In Mexico City, Oma Villagómez de Olivares shared with her family that if she could ever come back to the world after her death, she would reincarnate as un colibrí, a hummingbird. Two generations later, Sam Olivares-Mejia poured nectar into the hummingbird feeders at Warner Parks Nature Center in Nashville, Tennessee. She paused to trace the spots of iridescence as they flicked through the air to lap up the sugared water, and she felt an intense connection to the tiny birds.
At the time, she didn’t know her paternal grandmother’s wish, but she knew that her appreciation for the hummingbirds was bound up in something larger: a profound sense of place, a passion for nature, and a drive to make the outdoors, and data about it, more accessible.
These days, Olivares-Mejia is an Audubon Dangermond Fellow, using her background in programming, computational biology, and environmental science to support data management and visualization projects on Audubon’s Enterprise Geographic Information System (GIS) team. “Part of the reason I joined Audubon was its mission to conserve the places birds and people need,” Olivares-Mejia says. “All of the spaces that I’ve valued growing up have been surrounded by nature. I think that’s why I’ve had such a strong call to protect it.”
Those ties started early in Nashville, where Olivares-Mejia was raised. The lush, rolling hills of her hometown, the daily walks her family took in parks and around the neighborhood, and the summer homework her father assigned her, reading and summarizing old National Geographic magazine articles, sparked and fed her love for the outdoors. An innate awareness of and curiosity about her surroundings cemented her connection to place. As a child, she sketched out intricate maps of the buildings she was in, delighting in the process of translating her spatial awareness into imagery. When she was older, she roamed neighborhoods, and the world, through Google Maps, her favorite app.
She made sure her studies paired her fascination with data and her desire to connect more people to the outdoors. She majored in environmental studies, minored in biology, and picked up classes in programming and computational ecology. She quickly realized that the quality of environmental programs, policies, and communications depended on the quality and accessibility of the data behind them.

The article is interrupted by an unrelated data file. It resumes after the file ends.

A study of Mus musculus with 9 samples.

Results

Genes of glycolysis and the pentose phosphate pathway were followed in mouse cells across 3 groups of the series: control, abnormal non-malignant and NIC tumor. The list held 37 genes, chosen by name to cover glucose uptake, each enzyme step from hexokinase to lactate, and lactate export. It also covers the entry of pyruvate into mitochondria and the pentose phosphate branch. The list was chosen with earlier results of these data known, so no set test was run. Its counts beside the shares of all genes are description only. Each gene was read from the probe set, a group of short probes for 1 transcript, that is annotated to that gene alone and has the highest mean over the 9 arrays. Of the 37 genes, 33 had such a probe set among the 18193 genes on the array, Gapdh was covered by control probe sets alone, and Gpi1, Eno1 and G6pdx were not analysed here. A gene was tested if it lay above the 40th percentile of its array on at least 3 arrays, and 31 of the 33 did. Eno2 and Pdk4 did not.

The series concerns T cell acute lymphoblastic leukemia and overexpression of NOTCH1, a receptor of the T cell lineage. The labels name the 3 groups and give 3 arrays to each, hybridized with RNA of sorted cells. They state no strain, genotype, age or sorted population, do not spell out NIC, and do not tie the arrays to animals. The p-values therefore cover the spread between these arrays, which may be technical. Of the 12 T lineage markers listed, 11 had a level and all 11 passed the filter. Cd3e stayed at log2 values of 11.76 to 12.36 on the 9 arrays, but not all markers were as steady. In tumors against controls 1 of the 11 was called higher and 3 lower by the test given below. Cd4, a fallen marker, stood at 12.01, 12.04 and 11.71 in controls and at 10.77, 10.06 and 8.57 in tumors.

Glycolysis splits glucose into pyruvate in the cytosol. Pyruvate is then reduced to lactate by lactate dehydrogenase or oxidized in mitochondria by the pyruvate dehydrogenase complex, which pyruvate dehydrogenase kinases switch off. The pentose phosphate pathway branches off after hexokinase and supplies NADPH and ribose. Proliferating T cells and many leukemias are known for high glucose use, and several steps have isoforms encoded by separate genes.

“Data only serves a purpose if you’re able to access it,” she says. “There’s so much information out there and so many ways to interpret, analyze, standardize, and store it. Making data digestible to support programs that connect people to their environment is something that really drives me.”
While interning at Warner Parks Nature Center, she streamlined data for their Bird Information Research and Data Program, and compiled equity, diversity, inclusion, and belonging resources. As a student researcher, she collated land use histories of forested sites within the National Ecological Observatory Network. Following graduation, she moved to Arizona after accepting a position as a GIS Assistant with the National Park Service's Sonoran Desert Network, through the Scientists in Parks program.
Although she is still early in her Audubon fellowship, she has already supported a dashboard for the Bird-Friendly Communities team to visualize policy wins across the United States, and played a critical role in evaluating data and building data intake automations to launch CHIRP (Conservation Hemispheric Impact and Insights Reporting Platform), an internal reporting platform that tracks conservation actions across Audubon's hemispheric network.
Thinking long-term, one of Olivares-Mejia’s core ambitions is to create belonging for people in the outdoors and in STEM professions. As a student, she experienced the discomfort of leaning into programming, a line of study that can seem unwelcoming and intimidating to people who are underrepresented in the field. Now that she’s graduated and becoming established in her field, she is motivated to create more equitable access to the tools and skills she works with. “I want to empower people to use the tools available to them and not doubt themselves. Coding and technology feel very gatekept and there’s a barrier to access, specifically for groups underrepresented in STEM. I want to help break down those barriers and make it easier for people to learn.”
The desire to create belonging is also rooted in her experiences navigating her family heritage. Olivares-Mejia knows intimately the importance of learning about, cultivating, and honoring the personal and communal relationships that people have with their environments. After spending years living in the United States with frequent visits to Mexico, she experienced her move to the Sonoran Desert as a kind of homecoming.
“Living in Arizona is the first time that I’ve been able to experience my Mexican-American heritage in one space. I’d always been bouncing between these places, trying to create connection in both,” she reflects. “Wherever I go next, I want to support people’s connection to place, to protect the spaces that are meaningful to them, and to facilitate people’s access to the outdoors, which can be life-changing.”